In 1996, Congress replaced the old federal welfare system with a new program, Temporary Assistance for Needy Families (TANF), designed to give states flexibility in helping poor families with children. Under TANF, states receive “block grants” they can use to give families cash benefits to meet their immediate needs – to help pay for diapers and rent and bus fare – but also to provide them with a customized package of services such as job training, child care, uniforms for work, or car repairs. Under TANF, states must also engage families receiving cash assistance in work activities, which prompted most states to adopt “work first” programs requiring that poor parents’ top priority should be to get a job, any job.
The original rationale behind the 1996 legislation was that if parents got a toehold in the labor market, they would be able to move up to better paying, more stable jobs over time. Unfortunately, this assumption has not proven true. Only a small minority of families have managed to work their way out of poverty and stay there. For example, one recent study of families who left welfare in Maryland found that only 8 percent earned enough to stay above the federal poverty threshold for a three-person family during each of five years after exit.
Moreover, increasing evidence shows that the “work first” policies adopted by states may be especially harmful to pregnant women and families with infants, who comprise about 15 percent of families on TANF. Thanks to a large and growing body of research, we know far more than we did when TANF was created about how experiences during the infant and toddler years, including biological responses to stress, shape the architecture of the brain and lay the foundation for future growth, learning, and health. This means that poverty in early childhood presents a grave threat to long-term health, well-being, and educational success, with persistent and deep poverty causing the most damage. It is time to take these lessons seriously, and develop TANF programs that support children’s development as well as poor families’ immediate needs.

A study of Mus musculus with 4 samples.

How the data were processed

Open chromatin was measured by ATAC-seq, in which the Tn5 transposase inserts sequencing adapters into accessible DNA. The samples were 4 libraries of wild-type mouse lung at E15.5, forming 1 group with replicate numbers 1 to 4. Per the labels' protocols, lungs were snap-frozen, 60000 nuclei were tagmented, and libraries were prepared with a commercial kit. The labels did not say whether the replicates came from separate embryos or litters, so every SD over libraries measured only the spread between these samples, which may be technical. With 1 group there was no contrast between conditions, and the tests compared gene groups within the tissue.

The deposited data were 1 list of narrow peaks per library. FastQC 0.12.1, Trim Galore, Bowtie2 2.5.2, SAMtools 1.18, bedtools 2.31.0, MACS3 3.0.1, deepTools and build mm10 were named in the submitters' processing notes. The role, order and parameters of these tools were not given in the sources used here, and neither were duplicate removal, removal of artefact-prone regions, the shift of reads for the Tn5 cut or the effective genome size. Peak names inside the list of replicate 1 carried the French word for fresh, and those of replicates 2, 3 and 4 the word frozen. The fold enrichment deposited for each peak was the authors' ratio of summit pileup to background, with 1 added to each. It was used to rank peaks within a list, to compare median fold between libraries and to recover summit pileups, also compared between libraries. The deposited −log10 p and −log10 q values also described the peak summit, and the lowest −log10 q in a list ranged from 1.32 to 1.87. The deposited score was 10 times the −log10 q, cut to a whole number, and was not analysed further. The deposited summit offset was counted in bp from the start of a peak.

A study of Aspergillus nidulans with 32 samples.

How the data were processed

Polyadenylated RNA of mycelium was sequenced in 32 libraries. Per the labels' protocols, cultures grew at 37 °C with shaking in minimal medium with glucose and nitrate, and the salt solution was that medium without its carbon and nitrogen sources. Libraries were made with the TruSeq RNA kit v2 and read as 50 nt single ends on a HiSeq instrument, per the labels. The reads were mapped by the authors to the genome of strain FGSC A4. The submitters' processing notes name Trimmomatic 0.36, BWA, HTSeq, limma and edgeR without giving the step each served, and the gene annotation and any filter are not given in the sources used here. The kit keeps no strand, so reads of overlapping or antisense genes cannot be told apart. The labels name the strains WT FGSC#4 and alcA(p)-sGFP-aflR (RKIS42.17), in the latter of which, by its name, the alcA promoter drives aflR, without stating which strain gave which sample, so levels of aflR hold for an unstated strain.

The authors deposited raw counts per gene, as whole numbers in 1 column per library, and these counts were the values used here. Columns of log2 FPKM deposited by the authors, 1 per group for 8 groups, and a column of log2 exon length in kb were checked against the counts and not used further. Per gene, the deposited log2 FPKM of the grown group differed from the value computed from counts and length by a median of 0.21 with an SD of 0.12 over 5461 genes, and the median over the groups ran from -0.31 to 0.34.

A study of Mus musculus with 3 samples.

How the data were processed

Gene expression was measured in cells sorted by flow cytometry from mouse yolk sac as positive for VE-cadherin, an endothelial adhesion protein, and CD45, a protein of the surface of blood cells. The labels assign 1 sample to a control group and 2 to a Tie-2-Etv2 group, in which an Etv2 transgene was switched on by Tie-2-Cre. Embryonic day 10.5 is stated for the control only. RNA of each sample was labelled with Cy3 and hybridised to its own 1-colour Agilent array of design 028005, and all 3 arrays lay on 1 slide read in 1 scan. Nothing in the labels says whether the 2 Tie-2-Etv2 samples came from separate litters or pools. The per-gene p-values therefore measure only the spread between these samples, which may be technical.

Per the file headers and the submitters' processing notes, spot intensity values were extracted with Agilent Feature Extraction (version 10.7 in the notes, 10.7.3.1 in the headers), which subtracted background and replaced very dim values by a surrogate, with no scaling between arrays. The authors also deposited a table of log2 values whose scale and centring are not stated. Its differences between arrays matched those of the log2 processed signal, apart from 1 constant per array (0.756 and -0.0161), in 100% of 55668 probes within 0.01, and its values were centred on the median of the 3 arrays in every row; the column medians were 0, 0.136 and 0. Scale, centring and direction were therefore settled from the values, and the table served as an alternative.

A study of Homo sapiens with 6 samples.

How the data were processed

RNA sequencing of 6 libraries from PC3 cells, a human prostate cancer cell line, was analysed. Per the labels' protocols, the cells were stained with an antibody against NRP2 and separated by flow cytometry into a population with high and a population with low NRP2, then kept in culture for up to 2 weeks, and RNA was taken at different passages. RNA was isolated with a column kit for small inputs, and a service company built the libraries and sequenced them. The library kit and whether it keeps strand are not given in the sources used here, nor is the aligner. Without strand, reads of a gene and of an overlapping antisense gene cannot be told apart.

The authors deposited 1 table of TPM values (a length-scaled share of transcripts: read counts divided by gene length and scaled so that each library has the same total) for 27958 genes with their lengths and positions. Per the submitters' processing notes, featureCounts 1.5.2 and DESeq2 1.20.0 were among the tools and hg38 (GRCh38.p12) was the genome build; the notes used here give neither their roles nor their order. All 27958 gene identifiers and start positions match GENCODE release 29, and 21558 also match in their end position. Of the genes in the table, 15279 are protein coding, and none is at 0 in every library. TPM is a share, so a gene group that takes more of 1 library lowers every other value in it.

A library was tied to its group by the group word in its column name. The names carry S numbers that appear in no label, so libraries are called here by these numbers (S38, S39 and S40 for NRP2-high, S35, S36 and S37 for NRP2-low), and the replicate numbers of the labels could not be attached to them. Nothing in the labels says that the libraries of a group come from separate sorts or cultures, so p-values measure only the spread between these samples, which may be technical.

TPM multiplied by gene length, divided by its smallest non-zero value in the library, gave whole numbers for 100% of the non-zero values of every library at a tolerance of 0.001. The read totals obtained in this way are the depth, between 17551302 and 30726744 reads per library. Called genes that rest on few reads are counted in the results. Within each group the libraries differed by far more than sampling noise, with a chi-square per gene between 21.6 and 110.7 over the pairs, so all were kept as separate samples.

First, today’s work-first approach to welfare poses a particular challenge for families with infants due to the logistics of managing child care. Most low-wage hourly level jobs do not provide any form of paid leave (neither sick days nor family leave), and it is not uncommon for workers who miss work to be fired. Low-wage jobs are characterized by unpredictable and unstable schedules, meaning that workers frequently do not know their scheduled days or hours until a few days in advance and may experience significant fluctuations in number of hours and timing of shifts from week to week. Many workers, particularly in the retail industry, are assigned to call-in shifts, providing no guarantee of work, but preventing them from scheduling other work or activities. Arranging stable, quality child care under these conditions is nearly impossible.
Moreover, states have used large shares of the funds provided under TANF for purposes other than cash assistance and work supports. In 2013, states reported using just 27 percent of the block grant and required state funds on cash assistance, 16 percent on child care, and 7 percent on work-related activities. Many states have, instead, used TANF funds to replace state spending on activities such as child welfare services, or college scholarships. Thus, the idea that states would provide poor families with whatever they needed to get back on their feet and succeed has largely gone unrealized.
With the growing evidence about the importance of the first year of life for children’s long-term success, it’s time to redesign TANF programs to meet the developmental needs of infants and support the families who are raising them. In a recent CLASP report, TANF and the First Year of Life: Making a Difference at a Pivotal Moment, Stephanie Schmit and I suggest an innovative framework for thinking about TANF in the context of the first year of life and present a vision for what a reformed TANF might look like.
We lay out concrete steps – such as offering cash assistance, child care, home visiting, and connections to health care, and nutrition programs – that states can begin taking right now to move their programs in this direction and make real improvements for babies and toddlers living in poverty, so that they have a better chance of succeeding at school and beyond. Because of the TANF block grant’s structure and flexibility, states can start to make changes today and can begin to make a difference at a pivotal moment in the lives of the next generation.
In 2014, nearly one-quarter of infants were poor, a larger share than any other age group. More than one-third of Black and Hispanic babies experience poverty. Because our nation’s success depends on future generations, this is a problem for all of society, not just these babies and their parents.
A number of states are starting to think about ways to support poor families with babies, from addressing toxic stress to parenting education. But TANF has rarely been included in these efforts. Helping poor families with infants without fixing TANF programs is like stepping on the gas while keeping the brakes on – imagine how much more we could do if all systems were pulling in the same direction.